I started watching The Sopranos this past week, and during the fourth episode I heard one of the most familiar jingles from my childhood: the Luigi’s Circuit music from Mario Kart 64. Next thing I knew, Tony Soprano’s kid was zipping through the course’s tunnel, stuck in 5th place. Big Tony joined in soon after and played one-handed, just smacking the control stick around with no regard to the gas button. Rather than pointing out that Mario Kart requires two hands to play, Tony Jr. hit the reset button and by some miracle of 64-bit gaming, they had themselves a new Grand Prix race instantly. Big Tony continued to play with one hand and somehow came in 4th despite never pressing the accelerator. Authentic television, right?
I could nitpick all day over this scene and how inaccurately and pathetically it portrays gaming. I won’t because the purpose of the scene is to convey the relationship between Tony and his son, as well as his son’s reluctance to discuss his recent fights at school. Most audiences won’t care how the Sopranos play Mario Kart, but any gamer should find this scene jarring. Simply put, it’s bad acting and it spoils the show’s authenticity. Good screenwriters research meticulously, and clearly the minds behind The Sopranos studied up on mafia life. But if you’re going to such painstaking lengths to bring fiction to life, why portray a Mario Kart session so laughably? If Tony’s son was reading a novel, the director wouldn’t have him read it upside-down while flipping pages every two seconds. With that in mind, why is an awkward portrayal of playing a videogame forgivable?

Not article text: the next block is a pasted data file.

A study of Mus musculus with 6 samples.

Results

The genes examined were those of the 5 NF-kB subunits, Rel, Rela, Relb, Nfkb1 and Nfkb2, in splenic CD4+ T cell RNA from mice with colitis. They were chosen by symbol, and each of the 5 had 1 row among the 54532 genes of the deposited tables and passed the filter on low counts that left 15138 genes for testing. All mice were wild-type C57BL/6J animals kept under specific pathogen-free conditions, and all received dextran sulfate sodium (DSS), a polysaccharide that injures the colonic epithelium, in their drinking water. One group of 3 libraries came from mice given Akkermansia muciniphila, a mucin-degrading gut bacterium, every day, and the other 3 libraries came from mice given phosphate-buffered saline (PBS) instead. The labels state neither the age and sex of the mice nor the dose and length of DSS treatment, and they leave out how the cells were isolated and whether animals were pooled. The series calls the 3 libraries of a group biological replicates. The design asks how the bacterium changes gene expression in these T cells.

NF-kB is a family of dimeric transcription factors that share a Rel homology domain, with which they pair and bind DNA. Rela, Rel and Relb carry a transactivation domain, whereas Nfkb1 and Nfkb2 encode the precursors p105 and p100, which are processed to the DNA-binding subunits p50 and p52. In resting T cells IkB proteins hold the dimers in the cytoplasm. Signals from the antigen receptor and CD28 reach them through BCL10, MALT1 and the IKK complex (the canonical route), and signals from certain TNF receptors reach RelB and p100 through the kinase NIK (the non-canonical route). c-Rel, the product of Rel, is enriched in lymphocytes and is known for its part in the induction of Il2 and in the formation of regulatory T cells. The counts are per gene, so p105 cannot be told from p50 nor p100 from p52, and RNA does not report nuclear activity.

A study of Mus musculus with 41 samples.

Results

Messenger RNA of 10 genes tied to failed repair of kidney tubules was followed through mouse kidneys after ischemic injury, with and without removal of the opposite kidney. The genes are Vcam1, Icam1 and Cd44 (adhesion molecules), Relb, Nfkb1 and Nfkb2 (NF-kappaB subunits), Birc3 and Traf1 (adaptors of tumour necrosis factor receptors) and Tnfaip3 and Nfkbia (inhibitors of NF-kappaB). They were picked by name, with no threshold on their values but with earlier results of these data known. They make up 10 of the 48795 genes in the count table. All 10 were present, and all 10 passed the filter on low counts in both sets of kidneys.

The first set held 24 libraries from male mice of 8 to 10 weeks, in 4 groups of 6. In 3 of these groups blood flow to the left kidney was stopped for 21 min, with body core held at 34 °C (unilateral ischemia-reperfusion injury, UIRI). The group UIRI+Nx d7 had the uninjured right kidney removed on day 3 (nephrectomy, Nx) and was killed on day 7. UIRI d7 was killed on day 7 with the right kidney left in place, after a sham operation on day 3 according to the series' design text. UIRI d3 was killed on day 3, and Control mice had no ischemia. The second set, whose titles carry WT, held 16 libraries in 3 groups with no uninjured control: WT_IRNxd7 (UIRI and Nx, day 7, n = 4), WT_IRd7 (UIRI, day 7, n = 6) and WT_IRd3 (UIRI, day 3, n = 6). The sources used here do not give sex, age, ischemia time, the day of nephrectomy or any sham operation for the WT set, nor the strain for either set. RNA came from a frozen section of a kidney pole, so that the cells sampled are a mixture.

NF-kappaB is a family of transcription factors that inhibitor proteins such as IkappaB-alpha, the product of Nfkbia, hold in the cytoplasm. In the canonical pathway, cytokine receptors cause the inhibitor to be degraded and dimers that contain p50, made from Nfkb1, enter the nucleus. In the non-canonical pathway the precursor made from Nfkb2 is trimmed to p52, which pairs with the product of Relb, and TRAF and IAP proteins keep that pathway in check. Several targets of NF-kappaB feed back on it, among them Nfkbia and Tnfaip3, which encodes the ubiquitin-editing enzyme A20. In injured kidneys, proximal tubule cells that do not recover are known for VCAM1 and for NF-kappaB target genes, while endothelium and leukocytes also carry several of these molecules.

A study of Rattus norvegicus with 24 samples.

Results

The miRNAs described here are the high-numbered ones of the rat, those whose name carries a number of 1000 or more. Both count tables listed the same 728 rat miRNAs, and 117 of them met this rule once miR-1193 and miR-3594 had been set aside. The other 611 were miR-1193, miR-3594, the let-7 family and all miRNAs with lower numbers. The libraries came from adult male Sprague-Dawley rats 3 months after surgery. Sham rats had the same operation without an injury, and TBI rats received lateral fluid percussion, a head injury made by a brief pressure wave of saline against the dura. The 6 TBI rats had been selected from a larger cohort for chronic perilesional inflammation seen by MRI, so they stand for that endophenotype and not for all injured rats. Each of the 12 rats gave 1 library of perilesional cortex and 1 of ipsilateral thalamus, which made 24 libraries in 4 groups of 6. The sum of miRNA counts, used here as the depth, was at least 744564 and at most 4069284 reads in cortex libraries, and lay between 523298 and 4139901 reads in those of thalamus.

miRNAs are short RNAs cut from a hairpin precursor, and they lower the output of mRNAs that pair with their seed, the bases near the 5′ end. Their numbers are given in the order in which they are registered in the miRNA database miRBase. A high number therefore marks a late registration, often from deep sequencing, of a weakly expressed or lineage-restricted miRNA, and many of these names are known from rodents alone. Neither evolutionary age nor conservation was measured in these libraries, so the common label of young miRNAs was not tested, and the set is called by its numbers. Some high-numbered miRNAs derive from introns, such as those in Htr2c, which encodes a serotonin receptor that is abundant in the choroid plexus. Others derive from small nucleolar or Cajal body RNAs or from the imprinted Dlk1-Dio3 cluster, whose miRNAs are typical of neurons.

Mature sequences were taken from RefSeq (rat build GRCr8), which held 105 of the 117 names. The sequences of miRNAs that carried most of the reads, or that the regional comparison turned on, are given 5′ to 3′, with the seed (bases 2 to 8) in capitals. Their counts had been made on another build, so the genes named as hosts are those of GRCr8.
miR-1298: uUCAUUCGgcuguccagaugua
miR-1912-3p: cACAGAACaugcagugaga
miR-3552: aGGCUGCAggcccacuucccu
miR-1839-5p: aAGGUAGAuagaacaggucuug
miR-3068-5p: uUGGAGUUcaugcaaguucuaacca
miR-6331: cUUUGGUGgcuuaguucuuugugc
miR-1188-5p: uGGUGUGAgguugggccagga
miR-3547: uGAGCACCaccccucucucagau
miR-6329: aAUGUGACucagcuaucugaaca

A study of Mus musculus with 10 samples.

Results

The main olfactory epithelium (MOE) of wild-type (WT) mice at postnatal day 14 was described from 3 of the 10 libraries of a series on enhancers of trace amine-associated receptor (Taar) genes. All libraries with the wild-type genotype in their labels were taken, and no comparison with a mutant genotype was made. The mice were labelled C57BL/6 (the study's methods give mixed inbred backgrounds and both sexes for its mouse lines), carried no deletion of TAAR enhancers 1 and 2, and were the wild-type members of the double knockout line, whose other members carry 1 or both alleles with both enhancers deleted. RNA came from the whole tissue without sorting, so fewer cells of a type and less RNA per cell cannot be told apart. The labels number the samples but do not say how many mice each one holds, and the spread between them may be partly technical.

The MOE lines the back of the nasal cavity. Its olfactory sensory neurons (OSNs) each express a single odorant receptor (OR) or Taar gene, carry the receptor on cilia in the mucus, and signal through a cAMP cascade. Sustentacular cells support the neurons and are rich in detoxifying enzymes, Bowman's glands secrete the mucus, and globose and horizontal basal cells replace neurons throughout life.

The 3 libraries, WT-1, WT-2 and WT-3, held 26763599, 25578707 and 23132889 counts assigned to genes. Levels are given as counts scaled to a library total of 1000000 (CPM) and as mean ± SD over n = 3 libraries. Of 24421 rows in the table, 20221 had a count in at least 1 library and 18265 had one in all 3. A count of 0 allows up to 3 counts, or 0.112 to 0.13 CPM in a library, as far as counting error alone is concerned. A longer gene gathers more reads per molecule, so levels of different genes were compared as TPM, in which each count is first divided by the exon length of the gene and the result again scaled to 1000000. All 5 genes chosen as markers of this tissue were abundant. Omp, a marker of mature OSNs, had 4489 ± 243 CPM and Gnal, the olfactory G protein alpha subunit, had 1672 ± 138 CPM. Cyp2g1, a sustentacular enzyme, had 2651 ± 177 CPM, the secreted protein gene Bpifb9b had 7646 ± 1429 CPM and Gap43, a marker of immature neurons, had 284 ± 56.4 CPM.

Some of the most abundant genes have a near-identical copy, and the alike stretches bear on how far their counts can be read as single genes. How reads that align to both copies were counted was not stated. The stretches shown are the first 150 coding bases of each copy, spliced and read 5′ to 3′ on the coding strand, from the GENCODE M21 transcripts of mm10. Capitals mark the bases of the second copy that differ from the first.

This wasn’t the first time I’ve come across this in a film or TV series. The photo below depicts two kids playing Final Fantasy VIII in the movie Charlie’s Angels. The issue is that two kids are playing FF8 together. In the hundreds of hours I’ve spent playing FF8, I never managed to unlock this mythical multiplayer mode. These kids must be as dazzled as I am, because not even a naked Drew Barrymore can shake them from their trance.
I used to watch House M.D. back when it shared FOX’s primetime schedule with 24. For as much of a genius as Dr. House is, he never quite figured out Metroid: Zero Mission. In fact, he died in the hands of a completely harmless Chozo Statue over and over. Then he’d quickly restart, jump into the the statue’s hands, and die again–an impossibility in the actual game. Any Zero Mission fan knows that balling up into a Chozo Statue unlocks a chunk of the map and heals you. Instead of showing Samus die at the hands of a Space Pirate, the show’s writers dropped the ball (literally) and fabricated a ironic death method.
This Madden clip from The Break-Up is a real winner. Vince Vaugn and Jen Aniston’s date get a “real nail-biter” going in the amount of time it takes Aniston to flip her hair a few times in the bathroom. Are they playing one-minute quarters? Not likely, considering that the two guys take plenty of time to finish their “nail-biter”, much to Aniston’s chagrin. And while we’re on the subject of realism, what guy takes Madden over Jen Aniston when she’s looking like that. Yowza.
I understand that TV/film directors have to condense scenes for the sake of pacing. I get that. What I don’t get is why they invest so much effort into creating realism, then proceed to depict people playing videogames in ways that no human ever would. The worst part of all this is that these trainwreck portrayals could be avoided easily: 1) have Tony play with both hands 2) have one kid play FF8 while the other grows restless and nags him about giving up the controller; 3) have House run Samus into a enemy to trigger an actual game over; 4) don’t call Madden a nail-biter when the game started 30 seconds ago.
It’s really that simple. If you pay these actors millions to study and mimic human beings, why can’t they mimic gamers?